York County Woman Receives Prison Sentence For Providing Drugs That Caused Boyfriend’s Fatal Overdose
Some people will tell you that they knew they had hit rock bottom and get treatment for their substance use disorder after they suffered an overdose where, if one tiny detail had gone differently, they would not still be here. Others will tell you that rock bottom was when a friend overdosed. Laws in Pennsylvania and other states offer legal protection for people who call 911 to report a drug overdose; prompt treatment with naloxone can reverse most opioid overdoses, so calling 911 saves lives. If you call for help for an overdose victim, you are usually protected from criminal charges for drug possession. Meanwhile, in some instances, the people who sold or shared drugs that caused a fatal overdose have been charged with drug-induced homicide, much as people who cause fatal car accidents can be charged with vehicular manslaughter. If you are facing criminal charges after trying to help a drug overdose victim, contact a Pittsburgh drug crimes defense lawyer.
Drug-Induced Homicide in Pennsylvania
In recent years, the law has tended to treat many drug crimes as symptoms of drug addiction instead of malicious acts where the defendant intentionally harmed someone. Drug possession and minor theft crimes and financial crimes committed in pursuit of illegal drugs often lead to sentences involving addiction treatment, sometimes to the exclusion of jail. Although its root cause is also drug addiction, drug-induced homicide often plays out differently in court. It often involves pills purchased online, where the sellers misled the buyers (who shared the pills and accidentally caused a fatal overdose) about the ingredients of the pills. The law considers buying illegal drugs online, where it is virtually impossible to do due diligence about what you are buying, and then endangering others with those drugs, extreme negligence.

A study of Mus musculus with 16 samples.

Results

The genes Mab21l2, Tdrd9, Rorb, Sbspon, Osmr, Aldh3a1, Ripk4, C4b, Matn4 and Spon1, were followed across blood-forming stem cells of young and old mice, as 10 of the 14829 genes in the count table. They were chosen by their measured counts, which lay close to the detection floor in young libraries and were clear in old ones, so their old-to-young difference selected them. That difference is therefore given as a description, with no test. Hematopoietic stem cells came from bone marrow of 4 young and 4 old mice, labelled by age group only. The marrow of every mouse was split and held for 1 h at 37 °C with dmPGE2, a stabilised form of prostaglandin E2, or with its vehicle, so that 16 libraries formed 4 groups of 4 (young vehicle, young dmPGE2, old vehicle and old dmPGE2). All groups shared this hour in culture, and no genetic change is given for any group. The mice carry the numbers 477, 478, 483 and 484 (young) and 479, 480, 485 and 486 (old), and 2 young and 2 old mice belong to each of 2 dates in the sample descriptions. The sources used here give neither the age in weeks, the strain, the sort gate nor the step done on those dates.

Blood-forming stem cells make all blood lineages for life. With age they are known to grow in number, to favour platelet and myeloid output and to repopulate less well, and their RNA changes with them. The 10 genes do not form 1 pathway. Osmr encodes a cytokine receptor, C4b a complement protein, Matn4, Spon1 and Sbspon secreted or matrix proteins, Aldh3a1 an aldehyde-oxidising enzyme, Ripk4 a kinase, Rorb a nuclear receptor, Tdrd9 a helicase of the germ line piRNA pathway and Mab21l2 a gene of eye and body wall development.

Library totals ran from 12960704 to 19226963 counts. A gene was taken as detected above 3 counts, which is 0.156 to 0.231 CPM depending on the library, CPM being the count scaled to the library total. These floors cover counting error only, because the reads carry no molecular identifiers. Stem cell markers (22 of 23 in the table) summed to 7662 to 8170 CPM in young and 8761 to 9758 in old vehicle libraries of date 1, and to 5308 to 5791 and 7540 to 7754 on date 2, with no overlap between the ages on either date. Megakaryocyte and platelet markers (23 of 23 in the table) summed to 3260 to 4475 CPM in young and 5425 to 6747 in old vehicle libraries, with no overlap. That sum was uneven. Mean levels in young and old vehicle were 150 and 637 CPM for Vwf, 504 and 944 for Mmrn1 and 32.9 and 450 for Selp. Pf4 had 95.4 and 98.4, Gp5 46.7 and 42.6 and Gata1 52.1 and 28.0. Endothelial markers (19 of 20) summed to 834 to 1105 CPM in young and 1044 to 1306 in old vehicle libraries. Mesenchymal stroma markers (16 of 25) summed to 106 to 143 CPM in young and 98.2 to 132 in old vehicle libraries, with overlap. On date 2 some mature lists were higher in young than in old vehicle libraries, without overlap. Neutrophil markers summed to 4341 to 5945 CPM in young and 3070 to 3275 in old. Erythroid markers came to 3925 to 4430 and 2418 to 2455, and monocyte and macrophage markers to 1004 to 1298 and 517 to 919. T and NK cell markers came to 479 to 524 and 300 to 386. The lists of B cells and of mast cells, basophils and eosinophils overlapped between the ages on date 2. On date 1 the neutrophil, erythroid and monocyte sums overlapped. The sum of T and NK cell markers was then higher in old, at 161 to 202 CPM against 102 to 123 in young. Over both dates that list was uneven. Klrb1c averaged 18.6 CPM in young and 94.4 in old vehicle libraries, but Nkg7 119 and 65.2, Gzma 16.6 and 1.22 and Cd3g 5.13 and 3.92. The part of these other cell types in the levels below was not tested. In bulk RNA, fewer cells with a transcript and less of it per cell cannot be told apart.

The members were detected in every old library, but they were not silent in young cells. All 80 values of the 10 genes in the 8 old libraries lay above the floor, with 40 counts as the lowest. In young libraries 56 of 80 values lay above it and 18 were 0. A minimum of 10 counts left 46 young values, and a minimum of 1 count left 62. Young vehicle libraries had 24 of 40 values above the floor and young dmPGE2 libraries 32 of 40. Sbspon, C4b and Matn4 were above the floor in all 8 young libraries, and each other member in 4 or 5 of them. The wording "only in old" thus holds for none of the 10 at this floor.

In the News
In the summer of 2019, Samantha Criswell and her boyfriend Tracy Beck used drugs together at a house in Lower Windsor Township. Criswell brought methamphetamine and Beck brought an opioid he thought was heroin. They mixed the drugs together and injected them; a combination of a stimulant and an opioid injected together is called a speedball and is very dangerous. A famous case of such an overdose is the 1982 death of actor John Belushi, who died after an acquaintance injected him with a combination of cocaine and heroin. Criswell and Beck fell asleep after taking the drugs, and Criswell later woke up to find Beck unresponsive. She administered naloxone, called 911, and performed CPR, but Beck was pronounced dead at the scene. He was 22 years old. In November 2021, after accepting a plea deal, Criswell, 31, was sentenced to 11 ½ to 23 months in prison followed by two years of probation.
Contact an Attorney for Help Today
A Pittsburgh drug crimes lawyer can help you if you are facing criminal charges for providing illegal drugs to someone else and accidentally causing an overdose. Contact the law offices of Gary E. Gerson for a consultation.